The tag line on the visitor’s guide website is Pagosa Springs: Refreshingly Authentic, come to Pagosa Springs, Colorado and enjoy simplicity on a grand scale.
We walked through the front door of Riff Raff Brewing Company after a morning of hiking with good friends and former Arkansas residents Stephen and Randi Lynne Durham. The Durhams have been host to many an Arkansas mountain biker since they made the move to Pagosa Springs. The reasons behind their enthusiasm for sharing their new environs with friends were evident within minutes of arriving in this beautiful town shadowed by the San Juan Mountains, beauty abides in this place. Apparently the staff at Riff Raff feels the same way about The Dude, for The Dude Abides in Pagosa Springs as well, even if it is in the form of a menu partially based on quotes from The Big Lebowski. I was particularly fond of the Big Lambowski Burger as it really tied the whole room together. While waiting for my burger, a refreshingly sweet Raspberry Honey Kolsch began to alleviate the sensation that I had been chewing on shredded paper all day as a result of my failure to acclimate to the altitude and the low humidity.
Open just over one year ago, Riff Raff is housed in a historic downtown Victorian house which has been home to many businesses and came into the hands of the brewery complete with ghost stories which Hoperations manager Randy might be willing to tell if asked. When walls talk, I love to hear the stories and Randy is a good story teller. When we told him about our morning hike he responded with “My wife calls that the thigh-master death-march.” Brewmaster with a good sense of humor? Give us a tour, funny man! In between entertaining us with hiking stories about his wife, Eleanor, who is also Riff Raff’s master brewer, Randy revealed the philosophy of the brew house: use the gift that the springs have given, geothermal energy. The building is heated by piping water from the hot springs keeping the tap room toasty even on the coldest of Colorado winter days. The system will also be used to pre-heat the water for brewing. Co-owner Shelly Cox explained more of Riff Raff’s green philosophy:
“As Brewmaster and a conscientious consumer, I’m excited for this opportunity. Being green is important to us, and it’s another reason why being downtown was paramount. We also sell beer to go in stainless steel growlers to help cut down on waste-so people will reuse them over and over again- plus the beer stays colder and fresher.”
Sitting outside pondering the possibilities of harnessing the natural gifts of the town while watching kids, adults, and four legged friends frolic in the water of the San Juan River was the perfect continuation of our morning spent hiking the beautiful forests that encompass the town. As I looked out at the bustling downtown I replayed the memory of our morning. HIking from the Little Blanco Trailhead at the end of Mill Creek Road we climbed among the Aspens and above the treeline into the Weminuche Wilderness. We were early enough in the summer to enjoy a few snow patches in the shadows at higher elevations, the cold crunch beneath our boots a welcome relief from the high temperatures of home and we were just early enough that the famous Colorado wildflowers were only beginning to bloom.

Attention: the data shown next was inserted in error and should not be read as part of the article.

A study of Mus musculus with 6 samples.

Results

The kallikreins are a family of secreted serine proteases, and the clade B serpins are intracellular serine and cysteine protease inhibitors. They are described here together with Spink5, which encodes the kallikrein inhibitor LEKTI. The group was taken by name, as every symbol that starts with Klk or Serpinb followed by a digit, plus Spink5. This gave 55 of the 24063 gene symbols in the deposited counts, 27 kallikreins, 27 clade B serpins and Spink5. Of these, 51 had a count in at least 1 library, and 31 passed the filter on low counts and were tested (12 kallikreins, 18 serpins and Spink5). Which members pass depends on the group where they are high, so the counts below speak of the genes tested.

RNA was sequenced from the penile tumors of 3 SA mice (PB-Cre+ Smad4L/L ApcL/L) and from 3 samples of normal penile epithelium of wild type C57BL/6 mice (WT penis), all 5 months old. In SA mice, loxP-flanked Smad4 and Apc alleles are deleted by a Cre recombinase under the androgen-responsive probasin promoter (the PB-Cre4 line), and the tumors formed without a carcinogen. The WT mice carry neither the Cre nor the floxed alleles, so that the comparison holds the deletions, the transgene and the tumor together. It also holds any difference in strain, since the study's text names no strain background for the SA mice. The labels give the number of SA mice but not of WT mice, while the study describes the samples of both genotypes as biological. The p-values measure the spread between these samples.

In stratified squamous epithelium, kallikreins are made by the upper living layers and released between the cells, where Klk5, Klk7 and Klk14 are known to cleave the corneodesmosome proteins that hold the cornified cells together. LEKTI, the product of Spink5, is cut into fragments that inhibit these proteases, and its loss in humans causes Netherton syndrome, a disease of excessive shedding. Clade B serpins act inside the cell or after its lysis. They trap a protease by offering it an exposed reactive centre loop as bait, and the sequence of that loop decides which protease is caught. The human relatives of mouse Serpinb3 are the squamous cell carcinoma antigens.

The weather was perfect, cool enough to need a long layer and sunny enough to make a hat and protective eye wear essential, not just a fashion statement. We climbed for a couple of miles, enjoying the occasional views of Nipple Mountain and Blackhead Peak, eventually reaching a place our companions and guides called The Window at close to 12,000 ft. Looking down on a plateau, we spotted a herd of elk grazing on the green grass. Some of the herd decided to move on so they called out to the others, sounding like trumpets. We sat mesmerized as more than thirty of the beasts fed, played, leaped, galloped, lumbered, and eventually ambled away as the trumpeted the call to each other that it was time to move on. We moved on as well, to find ourselves at the point where many hikers were heading toward or coming from the Continental Divide. Stopping to appreciate a small glacial lake and the stone tributes others have left there, I built my own stack while Joe rested in the sun, tuckered out from climbing up the still snowy slope in an attempt to get a view of Quartz Lake on the other side of the ridge. The expansive views inspired reverence and awe. I was thankful for the quiet minutes spent attempting to fix in my memory the magnificence this landscape.